Dementia is a very difficult disease. It is, of course, most difficult for the people afflicted with it, but the difficulty of dealing with dementia in a parent runs a very close second.
This is especially true if you are a caregiver for that parent. On top of the emotional stress that comes with watching your parent’s health and cognitive function slipping away, there is the mental and physical strain of handling the anxiety, depression, forgetfulness, impaired judgment, agitation and other behavioral issues and symptoms that are characteristic of dementia on a daily basis.
Knowing as much as you can about what to expect as dementia progresses and how to manage these changes can make a very difficult situation a little easier for both you and your parent.
Here are 3 important considerations to be aware of as you help manage care for your parent with dementia.
1. Getting Your Paperwork in Order Early is Essential
Dementia progresses differently for each person who suffers from the disease. It may be a long, slow decline for some people, while others may decline in larger, more profound steps.
Since this disease can be very unpredictable, and virtually everyone affected by it will need someone to make medical and financial decisions on their behalf at some point, it is crucial for your parent to provide you with the legal right to manage these issues.
When dealing with dementia in a parent, earlier is definitely better when it comes to these legalities. It is important that it is done while your parent still has the cognitive ability, and therefore the legal capacity, to grant you the authority to manage his or her affairs – and explain how he or she would prefer them to be handled.
If the paperwork is not in place before your parent’s cognitive abilities are significantly affected by dementia, you can still obtain that legal authority through the court system, but it is a much more difficult and time-consuming process. If you aren’t sure what paperwork you need, seeing an attorney who specializes in elder law is your best first step to ensuring that you are ready and able to effectively manage your parent’s affairs.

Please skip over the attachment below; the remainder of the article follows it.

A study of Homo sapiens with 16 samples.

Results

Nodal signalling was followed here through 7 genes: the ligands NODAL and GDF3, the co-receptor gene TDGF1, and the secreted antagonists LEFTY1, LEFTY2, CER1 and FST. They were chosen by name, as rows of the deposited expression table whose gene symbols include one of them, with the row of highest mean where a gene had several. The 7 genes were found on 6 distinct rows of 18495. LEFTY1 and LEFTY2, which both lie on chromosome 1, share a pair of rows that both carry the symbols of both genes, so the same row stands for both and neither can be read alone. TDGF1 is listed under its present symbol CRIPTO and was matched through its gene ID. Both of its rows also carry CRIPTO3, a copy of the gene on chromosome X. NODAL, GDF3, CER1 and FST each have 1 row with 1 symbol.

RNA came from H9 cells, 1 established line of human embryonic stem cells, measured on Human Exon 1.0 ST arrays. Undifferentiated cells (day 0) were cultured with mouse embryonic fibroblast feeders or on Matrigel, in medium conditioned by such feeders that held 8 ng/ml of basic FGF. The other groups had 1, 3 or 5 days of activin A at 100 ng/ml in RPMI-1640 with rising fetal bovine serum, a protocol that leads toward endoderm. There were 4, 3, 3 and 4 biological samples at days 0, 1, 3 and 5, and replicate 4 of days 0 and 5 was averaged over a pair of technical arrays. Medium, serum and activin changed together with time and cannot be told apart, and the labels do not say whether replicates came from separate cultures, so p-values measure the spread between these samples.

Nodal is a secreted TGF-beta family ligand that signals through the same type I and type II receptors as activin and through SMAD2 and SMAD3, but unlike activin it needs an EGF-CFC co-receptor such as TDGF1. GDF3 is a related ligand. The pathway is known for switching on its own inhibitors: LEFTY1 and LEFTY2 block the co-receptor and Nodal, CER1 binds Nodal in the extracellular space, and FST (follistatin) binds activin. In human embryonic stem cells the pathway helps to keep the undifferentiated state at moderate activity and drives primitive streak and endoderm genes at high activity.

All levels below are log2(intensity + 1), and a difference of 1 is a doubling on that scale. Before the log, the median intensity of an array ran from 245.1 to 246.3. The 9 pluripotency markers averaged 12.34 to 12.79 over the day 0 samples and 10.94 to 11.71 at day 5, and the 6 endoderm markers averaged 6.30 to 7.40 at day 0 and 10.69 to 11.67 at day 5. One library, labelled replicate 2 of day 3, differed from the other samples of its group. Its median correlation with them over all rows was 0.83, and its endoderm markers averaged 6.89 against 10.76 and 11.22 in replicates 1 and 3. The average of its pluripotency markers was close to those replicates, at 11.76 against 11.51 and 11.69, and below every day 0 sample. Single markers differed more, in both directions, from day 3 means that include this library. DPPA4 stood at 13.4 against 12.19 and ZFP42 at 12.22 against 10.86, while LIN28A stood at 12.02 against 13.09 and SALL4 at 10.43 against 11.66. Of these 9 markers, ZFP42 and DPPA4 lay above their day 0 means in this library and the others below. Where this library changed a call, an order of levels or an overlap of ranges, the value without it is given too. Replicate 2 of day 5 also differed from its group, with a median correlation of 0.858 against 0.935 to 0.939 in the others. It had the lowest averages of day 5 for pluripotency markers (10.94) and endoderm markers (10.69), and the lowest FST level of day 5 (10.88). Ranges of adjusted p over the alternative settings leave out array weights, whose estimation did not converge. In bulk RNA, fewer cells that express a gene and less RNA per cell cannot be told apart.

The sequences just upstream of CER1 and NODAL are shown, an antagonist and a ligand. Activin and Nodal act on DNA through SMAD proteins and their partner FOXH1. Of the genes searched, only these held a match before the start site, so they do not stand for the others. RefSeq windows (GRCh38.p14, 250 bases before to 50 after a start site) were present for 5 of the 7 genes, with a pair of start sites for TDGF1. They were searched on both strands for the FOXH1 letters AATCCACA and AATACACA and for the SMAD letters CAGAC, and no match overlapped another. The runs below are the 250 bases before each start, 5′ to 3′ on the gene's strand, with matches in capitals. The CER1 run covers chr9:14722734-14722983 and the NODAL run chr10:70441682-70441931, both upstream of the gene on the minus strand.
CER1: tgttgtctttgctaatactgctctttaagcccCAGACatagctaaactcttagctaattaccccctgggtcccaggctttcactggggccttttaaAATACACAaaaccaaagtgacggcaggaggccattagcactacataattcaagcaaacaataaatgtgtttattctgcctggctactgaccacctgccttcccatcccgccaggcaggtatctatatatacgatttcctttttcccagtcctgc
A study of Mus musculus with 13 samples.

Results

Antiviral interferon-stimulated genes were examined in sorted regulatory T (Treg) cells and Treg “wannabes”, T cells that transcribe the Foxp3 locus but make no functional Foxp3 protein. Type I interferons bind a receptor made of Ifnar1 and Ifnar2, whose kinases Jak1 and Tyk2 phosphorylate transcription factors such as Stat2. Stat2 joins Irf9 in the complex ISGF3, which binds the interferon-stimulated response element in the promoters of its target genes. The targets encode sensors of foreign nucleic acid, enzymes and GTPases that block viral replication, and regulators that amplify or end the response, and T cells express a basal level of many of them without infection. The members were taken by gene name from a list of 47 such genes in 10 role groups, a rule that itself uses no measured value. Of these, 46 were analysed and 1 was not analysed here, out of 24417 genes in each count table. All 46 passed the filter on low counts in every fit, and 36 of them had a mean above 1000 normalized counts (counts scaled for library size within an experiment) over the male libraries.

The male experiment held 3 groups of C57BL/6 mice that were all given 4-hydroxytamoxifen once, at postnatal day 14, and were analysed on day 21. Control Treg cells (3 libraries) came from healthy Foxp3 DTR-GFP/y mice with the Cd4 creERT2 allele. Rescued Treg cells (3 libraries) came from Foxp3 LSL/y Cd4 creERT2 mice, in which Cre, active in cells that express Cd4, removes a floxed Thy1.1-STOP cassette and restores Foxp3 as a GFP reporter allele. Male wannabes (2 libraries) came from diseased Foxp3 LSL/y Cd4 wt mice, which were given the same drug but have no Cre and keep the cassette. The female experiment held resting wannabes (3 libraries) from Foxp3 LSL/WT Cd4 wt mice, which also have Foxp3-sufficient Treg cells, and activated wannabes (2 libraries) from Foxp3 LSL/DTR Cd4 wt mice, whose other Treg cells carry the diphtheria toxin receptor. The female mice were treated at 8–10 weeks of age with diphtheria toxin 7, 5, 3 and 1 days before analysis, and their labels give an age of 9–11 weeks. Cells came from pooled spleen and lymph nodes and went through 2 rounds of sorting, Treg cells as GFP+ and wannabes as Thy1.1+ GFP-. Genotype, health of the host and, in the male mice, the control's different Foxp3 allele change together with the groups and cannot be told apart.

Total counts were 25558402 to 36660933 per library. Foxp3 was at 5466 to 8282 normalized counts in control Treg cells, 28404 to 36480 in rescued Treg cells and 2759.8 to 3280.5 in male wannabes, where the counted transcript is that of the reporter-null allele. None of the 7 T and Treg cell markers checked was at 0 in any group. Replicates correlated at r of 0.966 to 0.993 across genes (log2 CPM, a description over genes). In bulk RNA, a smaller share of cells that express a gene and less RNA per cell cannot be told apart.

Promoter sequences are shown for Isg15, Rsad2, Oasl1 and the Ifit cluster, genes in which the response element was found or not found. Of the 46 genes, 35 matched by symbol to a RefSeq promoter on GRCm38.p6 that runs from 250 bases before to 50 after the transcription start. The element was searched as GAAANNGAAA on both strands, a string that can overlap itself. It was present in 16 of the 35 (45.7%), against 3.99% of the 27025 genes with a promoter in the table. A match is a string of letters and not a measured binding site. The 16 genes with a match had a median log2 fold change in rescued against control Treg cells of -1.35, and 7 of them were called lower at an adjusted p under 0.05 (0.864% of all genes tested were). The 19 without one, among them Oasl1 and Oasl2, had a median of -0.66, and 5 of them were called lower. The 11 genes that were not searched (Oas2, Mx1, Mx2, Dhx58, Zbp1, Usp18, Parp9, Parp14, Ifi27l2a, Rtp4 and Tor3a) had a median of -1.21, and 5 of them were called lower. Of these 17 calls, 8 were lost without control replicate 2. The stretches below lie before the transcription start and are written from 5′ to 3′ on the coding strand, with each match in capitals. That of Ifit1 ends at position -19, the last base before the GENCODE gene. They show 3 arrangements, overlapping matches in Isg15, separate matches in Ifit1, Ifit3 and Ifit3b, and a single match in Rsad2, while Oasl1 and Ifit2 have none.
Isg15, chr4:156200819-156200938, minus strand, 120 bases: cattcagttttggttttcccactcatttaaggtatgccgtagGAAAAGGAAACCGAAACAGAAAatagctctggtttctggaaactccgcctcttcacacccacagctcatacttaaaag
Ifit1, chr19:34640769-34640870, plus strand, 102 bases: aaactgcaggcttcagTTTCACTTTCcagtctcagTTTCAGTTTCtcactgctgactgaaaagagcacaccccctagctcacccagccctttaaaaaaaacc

2. Getting to Know Your Parent’s Medical Situation and Medical Providers is Crucial
Don’t wait until your parent is no longer capable of managing medical care and/or medications to familiarize yourself with his or her medical needs and make yourself known to the healthcare providers who meet those needs.
Developing a good working knowledge of your parent’s medical conditions while he or she can still explain them to you is wise, as is cultivating solid relationships with his or her medical team. Doing this can help ensure that you are ready to step in and manage healthcare decisions efficiently and according to your parent’s preferences when it becomes necessary.
3. Preparing Yourself For Dementia Progression Is Important
Knowing what functional, cognitive, psychological, personality and behavioral changes you are likely to see in your parent as dementia progresses can help you prepare yourself emotionally for those changes.
It can also help you take practical steps to ensure that you are well-prepared to help your parent through them. Your parent’s healthcare providers are a good source of information on what to expect as time passes, as are online resources, such as the Alzheimer's Association website. Other families who are dealing with dementia in a parent can also offer insight on the changes you may see and how to manage them – dementia support groups in your community and/or online can help you connect with them.